From the New York Times…
The Neuroscience Community congratulates Marcus Raichle, winner of a 2014 Kavli Prize.
Beaming in from Oslo via the web, officials of the Norwegian Academy of Science and Letters invaded the World Science Festival in New York on Thursday to announce that nine scientists had won this year’s Kavli prizes. The winners will split million-dollar prizes awarded in three categories: astrophysics, nanoscience and neuroscience.
The prize is named for Fred Kavli, the Norwegian-born inventor, businessman and philanthropist, who died last year. He spent the last decade of his life handing out money to establish Kavli research institutes at universities around the world and the prizes, which are awarded every two years and which he hoped would someday rival the Nobels.
The astrophysics award this year goes to the founders of the theory known as inflation, which posits that the Big Bang began with an extraordinary ballooning of space-time faster than the speed of light. They are Alan H. Guth of the Massachusetts Institute of Technology, Andrei D. Linde of Stanford and Alexei A. Starobinsky of the Landau Institute for Theoretical Physics in Moscow, Russia.
The winners from the world of the very small – nanoscience — are Thomas W. Ebbesen of the Louis Pasteur University in Strasbourg, France; Stefan W. Hell of the Max Planck Institute for Biophysical Chemistry in Göttingen, Germany; and John B. Pendry of Imperial College London. They are being rewarded for their efforts in nano-optics, developing techniques to use ordinary light to see objects that are smaller than the wavelength of visible light, a goal once thought impossible.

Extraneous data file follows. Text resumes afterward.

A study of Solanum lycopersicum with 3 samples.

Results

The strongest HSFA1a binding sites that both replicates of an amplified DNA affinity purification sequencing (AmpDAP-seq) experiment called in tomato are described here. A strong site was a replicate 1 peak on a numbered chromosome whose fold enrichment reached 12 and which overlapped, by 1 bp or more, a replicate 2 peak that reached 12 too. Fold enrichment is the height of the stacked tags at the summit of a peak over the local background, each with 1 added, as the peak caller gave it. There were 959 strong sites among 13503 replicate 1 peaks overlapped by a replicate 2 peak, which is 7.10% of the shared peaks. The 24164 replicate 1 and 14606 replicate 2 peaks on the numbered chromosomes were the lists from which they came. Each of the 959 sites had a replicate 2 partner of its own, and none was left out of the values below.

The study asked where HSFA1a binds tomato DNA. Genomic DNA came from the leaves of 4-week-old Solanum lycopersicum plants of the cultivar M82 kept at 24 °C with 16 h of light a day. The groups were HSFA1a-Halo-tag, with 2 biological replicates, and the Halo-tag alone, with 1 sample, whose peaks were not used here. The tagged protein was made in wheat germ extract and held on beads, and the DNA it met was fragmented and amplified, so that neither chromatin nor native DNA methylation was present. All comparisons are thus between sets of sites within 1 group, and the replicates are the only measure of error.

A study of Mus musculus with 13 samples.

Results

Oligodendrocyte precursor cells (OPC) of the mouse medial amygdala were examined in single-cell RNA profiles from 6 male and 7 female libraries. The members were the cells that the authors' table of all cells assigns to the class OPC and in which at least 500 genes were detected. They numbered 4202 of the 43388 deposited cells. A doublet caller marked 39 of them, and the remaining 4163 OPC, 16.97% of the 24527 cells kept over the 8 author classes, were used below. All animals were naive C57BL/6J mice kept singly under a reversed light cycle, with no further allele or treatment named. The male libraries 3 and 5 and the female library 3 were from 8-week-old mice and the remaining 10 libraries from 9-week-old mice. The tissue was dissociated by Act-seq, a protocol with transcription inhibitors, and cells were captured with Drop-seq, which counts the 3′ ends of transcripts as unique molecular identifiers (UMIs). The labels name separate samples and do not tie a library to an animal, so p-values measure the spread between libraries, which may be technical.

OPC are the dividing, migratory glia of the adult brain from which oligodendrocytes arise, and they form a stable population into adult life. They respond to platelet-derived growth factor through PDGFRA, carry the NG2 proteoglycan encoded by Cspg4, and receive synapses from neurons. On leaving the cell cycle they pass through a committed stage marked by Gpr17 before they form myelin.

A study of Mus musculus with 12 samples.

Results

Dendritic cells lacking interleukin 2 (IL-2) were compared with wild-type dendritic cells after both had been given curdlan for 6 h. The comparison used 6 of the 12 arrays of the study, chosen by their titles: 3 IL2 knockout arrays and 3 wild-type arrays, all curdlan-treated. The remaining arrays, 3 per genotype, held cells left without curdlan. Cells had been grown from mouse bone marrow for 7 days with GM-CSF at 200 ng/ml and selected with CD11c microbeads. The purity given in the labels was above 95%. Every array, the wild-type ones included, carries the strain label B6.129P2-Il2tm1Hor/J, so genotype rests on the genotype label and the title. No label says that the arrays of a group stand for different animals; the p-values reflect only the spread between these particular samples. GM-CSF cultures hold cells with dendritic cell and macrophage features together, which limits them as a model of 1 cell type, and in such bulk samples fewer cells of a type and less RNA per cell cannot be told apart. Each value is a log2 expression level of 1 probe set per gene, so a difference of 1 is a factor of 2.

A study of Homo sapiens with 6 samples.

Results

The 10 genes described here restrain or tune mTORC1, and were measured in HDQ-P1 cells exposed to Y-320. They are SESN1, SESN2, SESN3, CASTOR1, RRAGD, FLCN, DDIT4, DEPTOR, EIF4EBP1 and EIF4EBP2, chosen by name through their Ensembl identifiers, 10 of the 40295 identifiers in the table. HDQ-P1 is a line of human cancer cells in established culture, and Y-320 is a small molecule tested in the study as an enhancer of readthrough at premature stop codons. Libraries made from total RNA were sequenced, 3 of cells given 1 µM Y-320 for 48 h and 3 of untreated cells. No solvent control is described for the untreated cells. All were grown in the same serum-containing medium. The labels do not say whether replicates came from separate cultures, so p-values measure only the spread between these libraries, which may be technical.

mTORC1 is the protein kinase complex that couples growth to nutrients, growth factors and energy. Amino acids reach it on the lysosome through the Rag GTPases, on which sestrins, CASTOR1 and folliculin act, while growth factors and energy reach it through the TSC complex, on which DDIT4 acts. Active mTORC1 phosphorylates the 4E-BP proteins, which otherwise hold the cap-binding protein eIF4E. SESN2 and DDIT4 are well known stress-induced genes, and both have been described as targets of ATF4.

Three neuroscientists shared the prize for inner space – the cosmos between our ears. The winners, Brenda Milner of the Montreal Neurological Institute at McGill University in Quebec; John O’Keefe of University College London; and Marcus E. Raichle of Washington University in St. Louis, have advanced the understanding of memory and cognition by discovering and exploring specialized networks and regions in the brain.
Two of the winners, Dr. Guth and Dr. Linde, are attending the World Science Festival and were in the room. Most of winners were informed by phone early Thursday, but not them. Dr. Guth said he had gotten a phone call but his cellphone was not working. Dr Linde said he had left his cellphone at home. “Actually” he told a chuckling crowd at New York University, “I don’t have a cellphone.”
“If this is breakfast,” he said, “what is going to be lunch?”
The award ceremony Thursday morning was the kickoff for a two-day celebration and scientific symposium in honor of Mr. Kavli, who grew up dodging German soldiers around the fjords of Norway and wondering under the Northern lights about the mysteries of nature.